Is That Batman Or Is It Raining Bats?

Samuel Reason | January 11th, 2018

Is what you would say if you are currently living in New South Wales in Australia. Temperatures have reached soaring highs, causing the poor bats to just drop from the sky.

The current heat wave is one of the most extreme this side of the planet has ever seen, rising over 111 degrees Fahrenheit. And the worst struck area? The town of Campbelltown. A place which is known to have a large colony of flying fox bats. What are flying fox bats you ask?

dw.com

Well, they are a gray-headed bat that can rage the wingspan of up to 3.5 feet and weight over 2 pounds. They are very important to the ecosystem because they pollinate flowers and other floral in the area. Mainly eating nectar, pollen, and fruit they smell those sugar delights from miles away! They are part of the group of the largest bats in the world, scientifically known as Pteropus. Interestingly enough these bats develop heightened smell and eyesight because unlock some of their brothers in the bat world they do not possess echolocation(sonar!). Funnily enough, they hunt fruit as if it was a moving prey and like to crash down into the plantlife crushing the bush.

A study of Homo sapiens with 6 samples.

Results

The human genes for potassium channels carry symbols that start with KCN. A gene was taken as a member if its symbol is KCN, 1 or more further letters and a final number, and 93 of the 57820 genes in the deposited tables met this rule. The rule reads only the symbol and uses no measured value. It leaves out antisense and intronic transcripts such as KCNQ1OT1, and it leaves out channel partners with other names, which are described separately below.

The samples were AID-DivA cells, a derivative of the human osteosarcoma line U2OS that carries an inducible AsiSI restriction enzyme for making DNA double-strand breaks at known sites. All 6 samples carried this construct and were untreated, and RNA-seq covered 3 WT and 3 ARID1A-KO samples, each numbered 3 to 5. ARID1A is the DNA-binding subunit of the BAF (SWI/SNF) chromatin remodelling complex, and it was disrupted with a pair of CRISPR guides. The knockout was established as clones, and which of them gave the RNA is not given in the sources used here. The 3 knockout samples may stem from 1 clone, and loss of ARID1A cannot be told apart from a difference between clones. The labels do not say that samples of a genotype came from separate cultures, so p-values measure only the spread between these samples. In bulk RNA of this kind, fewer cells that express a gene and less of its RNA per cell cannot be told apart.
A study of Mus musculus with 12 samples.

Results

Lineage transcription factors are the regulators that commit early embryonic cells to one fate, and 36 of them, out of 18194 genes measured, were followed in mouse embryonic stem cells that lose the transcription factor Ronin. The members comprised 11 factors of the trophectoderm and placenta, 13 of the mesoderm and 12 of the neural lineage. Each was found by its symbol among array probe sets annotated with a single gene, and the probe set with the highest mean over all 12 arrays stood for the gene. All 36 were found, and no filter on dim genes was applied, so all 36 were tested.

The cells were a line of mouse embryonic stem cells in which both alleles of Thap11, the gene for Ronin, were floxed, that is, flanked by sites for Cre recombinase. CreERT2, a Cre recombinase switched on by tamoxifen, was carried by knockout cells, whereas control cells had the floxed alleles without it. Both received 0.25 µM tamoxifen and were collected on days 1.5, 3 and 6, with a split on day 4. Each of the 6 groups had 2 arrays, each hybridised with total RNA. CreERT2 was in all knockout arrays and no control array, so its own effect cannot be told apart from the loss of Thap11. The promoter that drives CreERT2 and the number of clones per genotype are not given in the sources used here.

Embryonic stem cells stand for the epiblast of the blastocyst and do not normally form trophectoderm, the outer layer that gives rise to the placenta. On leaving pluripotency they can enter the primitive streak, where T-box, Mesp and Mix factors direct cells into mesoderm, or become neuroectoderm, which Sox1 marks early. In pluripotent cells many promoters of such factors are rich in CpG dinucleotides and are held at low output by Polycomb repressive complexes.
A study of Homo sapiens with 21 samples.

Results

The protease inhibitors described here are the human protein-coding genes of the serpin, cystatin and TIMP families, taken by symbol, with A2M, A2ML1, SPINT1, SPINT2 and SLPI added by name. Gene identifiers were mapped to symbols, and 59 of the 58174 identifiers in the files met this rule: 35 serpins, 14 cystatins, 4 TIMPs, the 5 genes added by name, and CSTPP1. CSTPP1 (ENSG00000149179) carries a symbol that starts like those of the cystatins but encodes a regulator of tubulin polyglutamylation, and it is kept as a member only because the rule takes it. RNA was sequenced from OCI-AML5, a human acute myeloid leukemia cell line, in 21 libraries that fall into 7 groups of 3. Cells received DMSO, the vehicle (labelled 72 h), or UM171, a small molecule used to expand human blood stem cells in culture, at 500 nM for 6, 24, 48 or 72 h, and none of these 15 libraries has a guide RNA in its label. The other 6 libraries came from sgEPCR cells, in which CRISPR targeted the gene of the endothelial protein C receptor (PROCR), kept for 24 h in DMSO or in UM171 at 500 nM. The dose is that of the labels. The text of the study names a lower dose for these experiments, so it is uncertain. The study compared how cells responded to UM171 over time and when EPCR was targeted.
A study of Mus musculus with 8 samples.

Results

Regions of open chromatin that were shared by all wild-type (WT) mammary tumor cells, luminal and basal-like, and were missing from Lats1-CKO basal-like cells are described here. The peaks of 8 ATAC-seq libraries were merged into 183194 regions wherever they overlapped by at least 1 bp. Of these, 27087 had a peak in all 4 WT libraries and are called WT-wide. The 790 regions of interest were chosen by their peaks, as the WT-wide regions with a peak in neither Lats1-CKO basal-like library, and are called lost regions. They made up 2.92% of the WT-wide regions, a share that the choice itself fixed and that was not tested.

Unfortunately, it seems their huge size is currently their downfall! The heat is causing them to drop in mass numbers from the skies. Some locals in Campbelltown are claiming it is raining bats! Reports have noted over 200 bats have perished, as they are basically being boiled alive in the area. Definitely, a most horrible way to go. Biologists believe that the extreme heat is causing them to become incoherent and confused, which does not help them find any shade.

Volunteers are scrambling to help the bats and try to keep their numbers up. The main problem for the colony in Campbelltown is a lack of natural resources like water that could greatly help. And also there is not much natural shade to chill in!

You would think that animals local to Australia would be used to the heat and have adapted to live in the sun. Which for the main part they have, but climate change has greatly altered the landscape and weather. Heat waves are now worse than ever and meteorology teams do not think this is the end of it. Heat records are being smashed all other Australia, daily heat records, for example, have surpassed daily cold records five to one. Will raining animals just become a normal part of weather?